Maus: a living lesson on the holocaust

by Amanda Acey

Mice screaming in horror, their eyes wide. Flames surrounding them. A pile of bodies behind them, already burned alive.

The above scene is just one of the many horrors of the holocaust depicted in Maus, a graphic novel by American cartoonist by Art Speiglman. The book chronicles Art’s father Vladek’s experiences before the war and up to the liberation of Auschwitz. At times it can be difficult to consume media that is so connected to you in such a terrible way, but I’m very glad that I read it. Maus is an incredible book that I highly recommend. It is a worthwhile read because it’s very educational, the format lends itself well to the heavy symbolism throughout the book, and through the way Art uses frame-tale timeline, even shows how the holocaust still effects people today.

When someone is learning about the holocaust, actual experiences help them humanize it. History can gloss over what it’s not proud of, and we can’t let that happen. There are certain elements that are staples in our education about the holocaust, such as hiding, living in ghettos, and gas chambers. But what isn’t always highlighted is the smaller ways that Jews were able to scrape by in such awful conditions. The book mentions trading in the barracks, how one day’s bread could get you three cigarettes, and 200 cigarettes could get you a bottle of vodka. Vladek was able to survive because he knew multiple languages, which gained him favor with the kapos, the guards, and later with the American soldiers. Knowing how to fix a boot also gained him favor with the kapos, so he could use his skills and his resourcefulness to get more food, clothes, the little he needed to survive.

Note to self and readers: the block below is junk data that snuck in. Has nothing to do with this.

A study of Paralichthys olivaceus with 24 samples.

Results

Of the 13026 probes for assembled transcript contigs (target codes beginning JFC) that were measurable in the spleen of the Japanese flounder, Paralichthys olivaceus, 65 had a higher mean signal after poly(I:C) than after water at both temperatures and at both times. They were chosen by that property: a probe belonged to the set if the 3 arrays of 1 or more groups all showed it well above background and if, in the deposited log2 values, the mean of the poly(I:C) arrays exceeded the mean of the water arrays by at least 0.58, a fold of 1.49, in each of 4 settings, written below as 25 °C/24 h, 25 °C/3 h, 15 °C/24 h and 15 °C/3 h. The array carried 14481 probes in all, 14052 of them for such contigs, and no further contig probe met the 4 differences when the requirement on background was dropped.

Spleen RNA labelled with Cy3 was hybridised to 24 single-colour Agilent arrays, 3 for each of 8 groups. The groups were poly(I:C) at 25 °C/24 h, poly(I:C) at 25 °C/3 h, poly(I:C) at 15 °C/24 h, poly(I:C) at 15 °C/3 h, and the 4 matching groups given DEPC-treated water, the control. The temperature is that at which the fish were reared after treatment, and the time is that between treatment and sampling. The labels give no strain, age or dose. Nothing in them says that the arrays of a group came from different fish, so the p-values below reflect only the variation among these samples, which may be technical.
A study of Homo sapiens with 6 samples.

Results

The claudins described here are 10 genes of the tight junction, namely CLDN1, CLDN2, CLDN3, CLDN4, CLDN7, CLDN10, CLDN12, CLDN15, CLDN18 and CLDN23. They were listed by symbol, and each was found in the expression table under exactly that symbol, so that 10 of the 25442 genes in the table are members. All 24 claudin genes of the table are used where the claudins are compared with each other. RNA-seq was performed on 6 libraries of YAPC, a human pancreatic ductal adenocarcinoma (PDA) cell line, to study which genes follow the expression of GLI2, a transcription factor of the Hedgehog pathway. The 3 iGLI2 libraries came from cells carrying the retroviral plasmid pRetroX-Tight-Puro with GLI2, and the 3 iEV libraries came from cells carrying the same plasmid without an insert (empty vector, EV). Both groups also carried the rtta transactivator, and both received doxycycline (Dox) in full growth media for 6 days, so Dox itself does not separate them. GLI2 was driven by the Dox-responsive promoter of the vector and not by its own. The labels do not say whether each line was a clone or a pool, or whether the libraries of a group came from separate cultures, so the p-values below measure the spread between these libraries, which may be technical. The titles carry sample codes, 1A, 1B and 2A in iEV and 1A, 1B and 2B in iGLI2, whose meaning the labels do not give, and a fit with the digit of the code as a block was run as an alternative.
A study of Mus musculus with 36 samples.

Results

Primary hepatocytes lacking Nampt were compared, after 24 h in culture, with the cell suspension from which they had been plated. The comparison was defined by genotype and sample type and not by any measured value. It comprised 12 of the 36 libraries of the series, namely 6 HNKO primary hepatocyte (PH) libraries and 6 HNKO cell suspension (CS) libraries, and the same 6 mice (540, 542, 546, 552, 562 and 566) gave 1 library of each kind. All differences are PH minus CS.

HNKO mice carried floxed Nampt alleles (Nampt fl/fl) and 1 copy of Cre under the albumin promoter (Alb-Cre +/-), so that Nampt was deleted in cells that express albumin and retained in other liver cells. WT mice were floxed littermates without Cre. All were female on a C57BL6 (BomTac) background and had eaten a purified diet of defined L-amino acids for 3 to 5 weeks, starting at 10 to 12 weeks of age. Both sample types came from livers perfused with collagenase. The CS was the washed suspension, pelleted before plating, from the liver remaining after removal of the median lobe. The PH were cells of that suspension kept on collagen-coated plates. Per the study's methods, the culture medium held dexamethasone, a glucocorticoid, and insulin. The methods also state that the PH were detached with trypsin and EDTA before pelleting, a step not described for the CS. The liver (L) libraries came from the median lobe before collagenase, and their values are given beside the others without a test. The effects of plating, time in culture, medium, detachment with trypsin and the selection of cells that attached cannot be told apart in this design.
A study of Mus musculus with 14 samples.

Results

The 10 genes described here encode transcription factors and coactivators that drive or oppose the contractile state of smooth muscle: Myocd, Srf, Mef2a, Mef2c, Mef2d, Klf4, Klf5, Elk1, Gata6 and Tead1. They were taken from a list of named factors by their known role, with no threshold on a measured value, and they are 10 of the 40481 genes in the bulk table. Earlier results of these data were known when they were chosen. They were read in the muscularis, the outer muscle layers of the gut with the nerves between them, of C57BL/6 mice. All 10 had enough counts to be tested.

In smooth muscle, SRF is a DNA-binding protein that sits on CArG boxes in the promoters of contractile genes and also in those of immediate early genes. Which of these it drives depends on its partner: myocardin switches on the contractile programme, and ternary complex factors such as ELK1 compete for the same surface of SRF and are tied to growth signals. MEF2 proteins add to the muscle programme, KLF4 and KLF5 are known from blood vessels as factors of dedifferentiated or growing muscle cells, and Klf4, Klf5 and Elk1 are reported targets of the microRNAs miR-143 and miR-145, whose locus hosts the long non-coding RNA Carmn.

Its symbolism also makes the book compelling. The work is an allegory, employing postmodernist techniques, and a minimalistic art style. Speiglman depicts Jews as mice, Germans as cats, and the Polish as pigs. Arthur is sometimes depicted as a human wearing a mouse mask, and you can see the elastic from certain angles, symbolizing that he does not feel entitled to his Jewish identity. Another example is early in the second volume. In the narrative present, Speiglman is working on the second volume of the book and shown sitting in a desk, with his mouse mask on, (only partially covering his head). His desk is sitting on top of a pile of emaciated bodies. This visual is very often shown when referring to the holocaust. It’s incredibly traumatic, especially for Jews. It symbolizes that Art feels as though he’s exploiting holocaust victims.

The book uses a frame-tale timeline, switching between the narrative present and narrative past. Throughout the book in the narrative present, Arthur is working on the book. It follows him first proposing the idea to his father, all the way up to him finishing gathering Vladek's stories. The way the timeline is set up lends itself very well to show how the holocaust effects people today. For example, part of a chapter in the narrative past talks about the Nazis taking Jews, and Vladek explains to Arthur “We came here to the concentration camp Auschwitz, and we knew that from here we will not come out anymore.” In the same chapter, Spieglman moves the character into the narrative future. Arthur is talking to his wife and says “I did have nightmares about S.S men coming into my class and dragging all us Jewish kids.”

At some point in the future, there will be no holocaust survivors left. Reading about the holocaust in history books provides you with facts, but the only way you can truly grasp how awful it was is to listen to the survivors. Maus immerses readers into the never to be forgotten horrors through intense, biographical scenes of dehumanization and through the book's visual symbolism. Speiglman doesn’t gloss over the grizzly details.

The holocaust still very much effects people alive today, and Maus does an amazing job of showing this. Once you start reading, you will immediately be invested and forever changed.